Olof Pulme, as prime minister of Sweden, made himself a spokesman for the international liberal and social democratic tradition. He took the view that Sweden's responsibilities in the world required it constantly to press more powerful countries toward arms control, and to press the rich countries toward greater generosity to the poor. Mr. Palme always had an opinion, vigorously expressed -- frequently exasperating to Americans, sometimes a bit pollyannaish, always engaged with the great questions.

His career as a politician breaks into two parts, the years before he lost office in 1976 and the years after he triumphantly returned in 1982. In the earlier period he was one of the most prominent and unremitting of the many critics abroad of this country's part in the Vietnam war. He was also one of Europe's most prominent spokesmen for the ideals of the welfare state. On both subjects he spoke for authentic Swedish traditions. A small nation that had managed to stay out of every war since the defeat of Napoleon, Mr. Palme's Sweden often addressed its neighbors and friends in terms that seemed to them priggish, but the depth of his feelings was genuine. As for the welfare state, it is no doubt easier to construct in a small, very wealthy and highly homogeneous country -- but, he would have argued, all the more reason for Sweden to set a standard for the world.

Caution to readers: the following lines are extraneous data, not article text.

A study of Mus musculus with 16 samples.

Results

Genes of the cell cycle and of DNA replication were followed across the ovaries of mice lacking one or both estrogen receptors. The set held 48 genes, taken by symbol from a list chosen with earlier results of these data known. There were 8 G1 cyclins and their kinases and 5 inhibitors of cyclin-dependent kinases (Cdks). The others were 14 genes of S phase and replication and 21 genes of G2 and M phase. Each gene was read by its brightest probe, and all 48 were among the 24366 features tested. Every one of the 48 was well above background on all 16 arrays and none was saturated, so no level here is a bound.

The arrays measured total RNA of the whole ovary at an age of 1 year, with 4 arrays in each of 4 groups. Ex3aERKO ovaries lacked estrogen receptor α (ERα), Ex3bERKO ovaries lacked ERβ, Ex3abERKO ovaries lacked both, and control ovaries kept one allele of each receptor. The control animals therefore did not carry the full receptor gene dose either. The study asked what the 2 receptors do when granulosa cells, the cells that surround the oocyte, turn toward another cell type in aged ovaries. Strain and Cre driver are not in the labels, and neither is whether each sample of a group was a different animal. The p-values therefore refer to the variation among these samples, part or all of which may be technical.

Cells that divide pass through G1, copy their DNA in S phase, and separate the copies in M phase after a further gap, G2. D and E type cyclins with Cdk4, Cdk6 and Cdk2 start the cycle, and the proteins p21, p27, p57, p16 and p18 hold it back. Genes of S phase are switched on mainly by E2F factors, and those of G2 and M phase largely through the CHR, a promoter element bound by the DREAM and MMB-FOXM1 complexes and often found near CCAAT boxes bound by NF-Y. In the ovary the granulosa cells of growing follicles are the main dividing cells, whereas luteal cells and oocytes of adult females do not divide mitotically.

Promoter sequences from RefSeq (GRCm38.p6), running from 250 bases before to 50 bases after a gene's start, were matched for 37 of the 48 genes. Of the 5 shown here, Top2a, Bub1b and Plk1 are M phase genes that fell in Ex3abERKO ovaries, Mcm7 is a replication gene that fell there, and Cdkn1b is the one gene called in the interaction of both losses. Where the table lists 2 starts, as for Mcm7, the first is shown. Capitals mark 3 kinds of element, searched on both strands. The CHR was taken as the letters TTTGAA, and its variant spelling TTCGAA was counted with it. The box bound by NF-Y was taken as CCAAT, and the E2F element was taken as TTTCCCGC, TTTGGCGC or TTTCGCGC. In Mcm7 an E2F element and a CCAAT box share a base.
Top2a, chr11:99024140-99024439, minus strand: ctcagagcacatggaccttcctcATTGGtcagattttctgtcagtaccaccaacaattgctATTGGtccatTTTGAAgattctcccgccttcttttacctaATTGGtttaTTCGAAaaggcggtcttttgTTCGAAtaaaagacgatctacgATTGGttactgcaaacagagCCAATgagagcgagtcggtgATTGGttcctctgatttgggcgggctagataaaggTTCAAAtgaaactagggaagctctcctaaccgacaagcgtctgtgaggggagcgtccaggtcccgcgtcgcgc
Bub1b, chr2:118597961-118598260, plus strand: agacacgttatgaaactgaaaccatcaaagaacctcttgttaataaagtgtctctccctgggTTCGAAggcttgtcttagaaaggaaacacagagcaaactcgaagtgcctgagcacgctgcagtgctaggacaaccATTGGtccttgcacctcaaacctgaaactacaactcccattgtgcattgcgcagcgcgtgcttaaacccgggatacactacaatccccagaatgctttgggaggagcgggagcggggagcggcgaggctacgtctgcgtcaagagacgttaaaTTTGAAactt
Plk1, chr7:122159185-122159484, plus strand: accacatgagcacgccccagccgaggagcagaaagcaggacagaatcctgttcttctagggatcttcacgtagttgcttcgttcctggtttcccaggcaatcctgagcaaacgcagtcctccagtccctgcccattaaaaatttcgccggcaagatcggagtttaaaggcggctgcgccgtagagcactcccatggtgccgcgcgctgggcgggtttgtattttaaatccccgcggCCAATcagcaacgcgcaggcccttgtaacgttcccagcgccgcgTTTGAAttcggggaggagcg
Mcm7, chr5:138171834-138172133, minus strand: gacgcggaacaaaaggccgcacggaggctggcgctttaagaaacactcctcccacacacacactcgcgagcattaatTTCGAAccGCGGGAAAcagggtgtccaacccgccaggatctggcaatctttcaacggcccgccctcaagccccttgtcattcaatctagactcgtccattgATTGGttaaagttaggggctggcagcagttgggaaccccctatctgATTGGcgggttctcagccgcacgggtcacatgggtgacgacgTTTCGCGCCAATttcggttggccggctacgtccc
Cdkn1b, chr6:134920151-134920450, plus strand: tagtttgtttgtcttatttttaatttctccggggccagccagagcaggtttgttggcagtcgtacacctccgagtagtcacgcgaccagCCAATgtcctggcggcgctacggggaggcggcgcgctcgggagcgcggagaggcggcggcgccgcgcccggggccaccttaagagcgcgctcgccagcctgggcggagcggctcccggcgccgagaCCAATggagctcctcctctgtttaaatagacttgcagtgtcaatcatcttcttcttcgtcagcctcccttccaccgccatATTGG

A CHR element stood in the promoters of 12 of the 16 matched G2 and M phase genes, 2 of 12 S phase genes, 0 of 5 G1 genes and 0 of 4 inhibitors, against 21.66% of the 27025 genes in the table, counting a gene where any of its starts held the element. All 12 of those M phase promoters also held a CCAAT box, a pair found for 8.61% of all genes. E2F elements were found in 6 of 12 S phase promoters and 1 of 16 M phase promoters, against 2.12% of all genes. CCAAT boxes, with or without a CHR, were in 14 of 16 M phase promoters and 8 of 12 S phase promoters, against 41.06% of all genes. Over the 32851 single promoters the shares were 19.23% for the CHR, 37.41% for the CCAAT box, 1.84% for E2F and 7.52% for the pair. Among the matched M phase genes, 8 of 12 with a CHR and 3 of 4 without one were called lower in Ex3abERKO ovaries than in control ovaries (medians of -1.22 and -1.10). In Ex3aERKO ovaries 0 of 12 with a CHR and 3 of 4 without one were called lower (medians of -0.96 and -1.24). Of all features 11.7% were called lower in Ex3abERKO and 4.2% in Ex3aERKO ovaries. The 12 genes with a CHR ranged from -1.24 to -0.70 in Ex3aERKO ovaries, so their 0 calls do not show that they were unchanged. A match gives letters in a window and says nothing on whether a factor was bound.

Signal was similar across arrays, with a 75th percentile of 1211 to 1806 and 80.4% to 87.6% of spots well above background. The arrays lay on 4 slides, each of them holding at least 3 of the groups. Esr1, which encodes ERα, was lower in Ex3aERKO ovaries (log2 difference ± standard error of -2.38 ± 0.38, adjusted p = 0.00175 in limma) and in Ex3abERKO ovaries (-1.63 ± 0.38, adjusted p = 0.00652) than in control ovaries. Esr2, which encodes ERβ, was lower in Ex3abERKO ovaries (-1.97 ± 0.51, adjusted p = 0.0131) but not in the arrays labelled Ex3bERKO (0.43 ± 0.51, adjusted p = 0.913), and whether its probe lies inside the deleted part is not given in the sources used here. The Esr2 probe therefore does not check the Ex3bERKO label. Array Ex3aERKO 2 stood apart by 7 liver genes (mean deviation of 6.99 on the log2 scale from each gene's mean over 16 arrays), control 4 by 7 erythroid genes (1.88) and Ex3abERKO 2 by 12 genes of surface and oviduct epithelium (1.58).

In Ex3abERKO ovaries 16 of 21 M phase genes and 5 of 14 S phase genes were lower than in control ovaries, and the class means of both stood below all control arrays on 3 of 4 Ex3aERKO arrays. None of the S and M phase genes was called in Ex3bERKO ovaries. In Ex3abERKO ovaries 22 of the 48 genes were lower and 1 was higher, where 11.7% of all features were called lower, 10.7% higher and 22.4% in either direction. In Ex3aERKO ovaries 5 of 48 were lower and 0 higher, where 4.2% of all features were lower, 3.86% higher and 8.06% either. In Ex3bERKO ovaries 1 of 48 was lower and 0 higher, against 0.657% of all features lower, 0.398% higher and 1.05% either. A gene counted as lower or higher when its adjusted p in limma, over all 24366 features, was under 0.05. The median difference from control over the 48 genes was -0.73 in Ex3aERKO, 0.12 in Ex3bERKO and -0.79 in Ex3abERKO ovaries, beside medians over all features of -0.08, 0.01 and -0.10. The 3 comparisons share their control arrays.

In his second term as prime minister, after 1982, he was less exuberant and perhaps less audible. Circumstances had changed. Tensions had risen between the two great powers, and the Russians began routinely harassing Sweden with their submarines. Mr. Palme was no pacifist, as he demonstrated when he warned the Soviets that his navy would attack any foreign subs in Swedish waters. In a time of little economic growth and much use of the word austerity, the welfare state was on the defensive. But he knew that both countries and ideas need their defenders.

The only truly un-Swedish and uncharacteristic thing about his life was the ending of it. He was shot by an assassin on the street -- for what reason, we do not know at this writing. He was one of the people who set the terms of debate of his times, and he did it with a verve that makes his death doubly shocking.